Babies help beat bullying in schools


Pupils aged between five and eight, from 26 council areas across Scotland, took part in the programme, which saw a baby visit a primary class throughout the school year.

The study, carried out by charity Action for Children and university researchers, showed that aggression was 76 per cent lower in the children who took part in the programme, compared to those who did not.

Aggression in boys was found to be particularly lower following a visit by a baby and its parent.

The study also found a 53 per cent improvement in the proportion of pupils who increased in affective empathy.

Teachers reported finding that pupils’ offered more constructive approaches to solving differences after they took part in the programme, stating: “For some of the girls in particular, that could be a wee bit spoilt, selfish and get involved in disputes, it has made a big difference to them. They’ve taken it on board; they’ve taken a closer look at themselves and they’ve actually been behaving a little bit better with others and it’s changed them.”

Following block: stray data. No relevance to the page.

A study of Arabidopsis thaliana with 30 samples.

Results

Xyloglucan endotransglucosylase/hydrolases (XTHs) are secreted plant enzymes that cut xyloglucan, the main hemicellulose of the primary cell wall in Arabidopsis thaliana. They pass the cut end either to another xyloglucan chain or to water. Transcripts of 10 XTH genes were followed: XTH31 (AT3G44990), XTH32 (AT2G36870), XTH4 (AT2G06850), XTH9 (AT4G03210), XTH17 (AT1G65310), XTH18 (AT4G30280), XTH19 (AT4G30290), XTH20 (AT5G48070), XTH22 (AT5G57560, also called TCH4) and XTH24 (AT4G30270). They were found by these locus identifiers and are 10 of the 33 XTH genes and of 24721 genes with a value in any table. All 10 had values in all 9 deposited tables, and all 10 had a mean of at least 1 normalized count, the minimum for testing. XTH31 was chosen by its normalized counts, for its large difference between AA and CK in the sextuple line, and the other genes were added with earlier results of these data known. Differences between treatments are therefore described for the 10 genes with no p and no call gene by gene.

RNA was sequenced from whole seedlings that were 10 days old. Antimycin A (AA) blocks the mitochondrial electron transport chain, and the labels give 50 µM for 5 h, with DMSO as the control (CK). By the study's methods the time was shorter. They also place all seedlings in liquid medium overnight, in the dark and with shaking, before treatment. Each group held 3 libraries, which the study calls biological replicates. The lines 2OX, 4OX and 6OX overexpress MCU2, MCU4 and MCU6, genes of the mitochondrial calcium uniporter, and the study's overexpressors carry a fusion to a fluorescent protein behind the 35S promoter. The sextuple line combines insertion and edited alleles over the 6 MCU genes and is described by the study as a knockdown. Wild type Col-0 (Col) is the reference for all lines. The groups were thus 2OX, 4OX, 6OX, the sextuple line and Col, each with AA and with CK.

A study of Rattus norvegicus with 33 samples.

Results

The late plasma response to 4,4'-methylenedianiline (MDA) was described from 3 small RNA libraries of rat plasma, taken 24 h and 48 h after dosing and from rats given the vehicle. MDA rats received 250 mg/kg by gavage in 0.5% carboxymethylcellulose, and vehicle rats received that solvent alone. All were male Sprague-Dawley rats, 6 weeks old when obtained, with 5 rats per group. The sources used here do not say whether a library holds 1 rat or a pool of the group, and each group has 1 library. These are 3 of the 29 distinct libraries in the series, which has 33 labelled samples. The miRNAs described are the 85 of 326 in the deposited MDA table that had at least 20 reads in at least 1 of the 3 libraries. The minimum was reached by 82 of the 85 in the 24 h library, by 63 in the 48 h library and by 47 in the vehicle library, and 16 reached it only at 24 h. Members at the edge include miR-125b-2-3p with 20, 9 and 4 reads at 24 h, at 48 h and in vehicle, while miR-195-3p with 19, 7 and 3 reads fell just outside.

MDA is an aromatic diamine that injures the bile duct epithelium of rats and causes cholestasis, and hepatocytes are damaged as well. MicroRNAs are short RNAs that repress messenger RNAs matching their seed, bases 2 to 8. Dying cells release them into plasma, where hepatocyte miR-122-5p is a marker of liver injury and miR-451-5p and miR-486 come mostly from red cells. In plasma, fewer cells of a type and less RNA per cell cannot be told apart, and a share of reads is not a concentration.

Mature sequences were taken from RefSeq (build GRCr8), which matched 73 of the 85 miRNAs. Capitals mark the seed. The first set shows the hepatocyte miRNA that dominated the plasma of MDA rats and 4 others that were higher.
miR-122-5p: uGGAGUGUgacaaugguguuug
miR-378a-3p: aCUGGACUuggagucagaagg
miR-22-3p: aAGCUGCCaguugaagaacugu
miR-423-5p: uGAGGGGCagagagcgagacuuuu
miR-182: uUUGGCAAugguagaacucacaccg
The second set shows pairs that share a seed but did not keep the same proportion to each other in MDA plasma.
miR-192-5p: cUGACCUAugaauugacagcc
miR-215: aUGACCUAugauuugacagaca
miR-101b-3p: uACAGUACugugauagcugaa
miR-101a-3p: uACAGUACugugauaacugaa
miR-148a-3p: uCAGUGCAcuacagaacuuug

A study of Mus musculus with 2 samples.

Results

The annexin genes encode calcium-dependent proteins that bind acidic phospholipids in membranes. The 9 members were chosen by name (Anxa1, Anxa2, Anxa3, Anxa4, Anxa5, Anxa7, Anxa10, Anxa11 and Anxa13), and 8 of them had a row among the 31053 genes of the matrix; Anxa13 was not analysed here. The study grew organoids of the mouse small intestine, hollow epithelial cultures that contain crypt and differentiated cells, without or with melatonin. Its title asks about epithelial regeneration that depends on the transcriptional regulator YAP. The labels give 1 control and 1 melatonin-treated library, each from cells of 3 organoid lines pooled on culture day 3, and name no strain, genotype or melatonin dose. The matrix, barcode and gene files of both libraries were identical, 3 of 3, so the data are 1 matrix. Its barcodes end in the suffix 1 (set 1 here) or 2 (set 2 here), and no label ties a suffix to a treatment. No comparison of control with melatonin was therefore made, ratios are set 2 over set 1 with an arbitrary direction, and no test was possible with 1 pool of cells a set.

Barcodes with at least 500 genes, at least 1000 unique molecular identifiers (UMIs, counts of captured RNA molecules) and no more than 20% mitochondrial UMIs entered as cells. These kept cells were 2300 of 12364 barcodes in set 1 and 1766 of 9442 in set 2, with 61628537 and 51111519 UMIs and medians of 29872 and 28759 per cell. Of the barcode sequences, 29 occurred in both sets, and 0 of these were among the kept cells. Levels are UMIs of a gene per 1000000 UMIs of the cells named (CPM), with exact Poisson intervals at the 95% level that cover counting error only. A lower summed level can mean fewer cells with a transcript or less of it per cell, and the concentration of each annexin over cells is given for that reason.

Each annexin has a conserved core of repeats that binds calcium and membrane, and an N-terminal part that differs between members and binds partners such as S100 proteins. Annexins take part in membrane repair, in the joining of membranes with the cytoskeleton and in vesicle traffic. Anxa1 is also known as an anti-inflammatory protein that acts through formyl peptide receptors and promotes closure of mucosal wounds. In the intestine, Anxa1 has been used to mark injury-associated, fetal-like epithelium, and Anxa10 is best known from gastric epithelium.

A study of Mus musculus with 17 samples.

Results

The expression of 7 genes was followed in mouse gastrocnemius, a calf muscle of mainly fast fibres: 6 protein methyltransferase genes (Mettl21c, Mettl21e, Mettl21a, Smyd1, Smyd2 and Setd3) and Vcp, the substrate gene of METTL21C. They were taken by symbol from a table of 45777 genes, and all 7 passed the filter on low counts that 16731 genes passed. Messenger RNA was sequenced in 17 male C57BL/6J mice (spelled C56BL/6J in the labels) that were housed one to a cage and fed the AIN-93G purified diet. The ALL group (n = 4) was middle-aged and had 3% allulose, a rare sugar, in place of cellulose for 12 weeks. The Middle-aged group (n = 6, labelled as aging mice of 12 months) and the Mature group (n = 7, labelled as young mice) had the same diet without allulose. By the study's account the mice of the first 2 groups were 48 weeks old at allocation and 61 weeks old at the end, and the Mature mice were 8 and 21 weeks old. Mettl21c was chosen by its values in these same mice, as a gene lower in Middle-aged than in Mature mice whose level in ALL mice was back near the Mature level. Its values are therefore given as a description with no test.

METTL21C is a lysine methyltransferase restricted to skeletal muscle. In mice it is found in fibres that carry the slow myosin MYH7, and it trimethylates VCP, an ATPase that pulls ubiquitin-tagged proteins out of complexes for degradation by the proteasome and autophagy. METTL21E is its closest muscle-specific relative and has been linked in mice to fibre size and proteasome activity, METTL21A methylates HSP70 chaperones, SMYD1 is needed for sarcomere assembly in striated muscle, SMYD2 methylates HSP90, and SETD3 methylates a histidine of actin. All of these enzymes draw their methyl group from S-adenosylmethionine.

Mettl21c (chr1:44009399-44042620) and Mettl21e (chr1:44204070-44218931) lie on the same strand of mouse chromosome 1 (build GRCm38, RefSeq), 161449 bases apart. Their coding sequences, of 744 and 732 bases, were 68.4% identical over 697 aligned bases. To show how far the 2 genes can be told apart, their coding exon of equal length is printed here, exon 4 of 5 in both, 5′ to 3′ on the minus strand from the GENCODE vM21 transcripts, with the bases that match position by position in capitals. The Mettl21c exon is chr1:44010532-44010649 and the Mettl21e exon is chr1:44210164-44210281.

The programme helps the children in classrooms understand that for brains to develop, they need to be cared for with attention and love.

Paul Carberry, director of children’s services at Action for Children Scotland, explains: “Over 15,050 children from the Western Isles to the Borders have benefitted from Roots of Empathy since we first brought it to Scotland in 2010. This new research shows that the innovative programme has made a significant impact on their development at what is a very important age.

“Roots of Empathy supports the Raising Attainment For All agenda to close the attainment gap for pupils, particularly those in deprived communities.

“We welcome the findings of this new research that shows the programme continues to help improve the life chances of children across Scotland.”

Aileen Campbell MSP, Minister for Children and Young People participated in the Roots of Empathy programme at Lanark Primary School, said: “I loved every session of the Roots of Empathy programme and so did my wee boy Crawford. The Scottish Government has long supported the programme and are proud to have enabled it to roll out across most of Scotland. I was pleased to be able to take part in this at one of the local schools in my constituency and see first-hand the huge impact it has for every single child in the classroom. This simple and effective programme promotes empathy and kindness and shows, through its baby teachers, the power of loving and nurturing relationships.”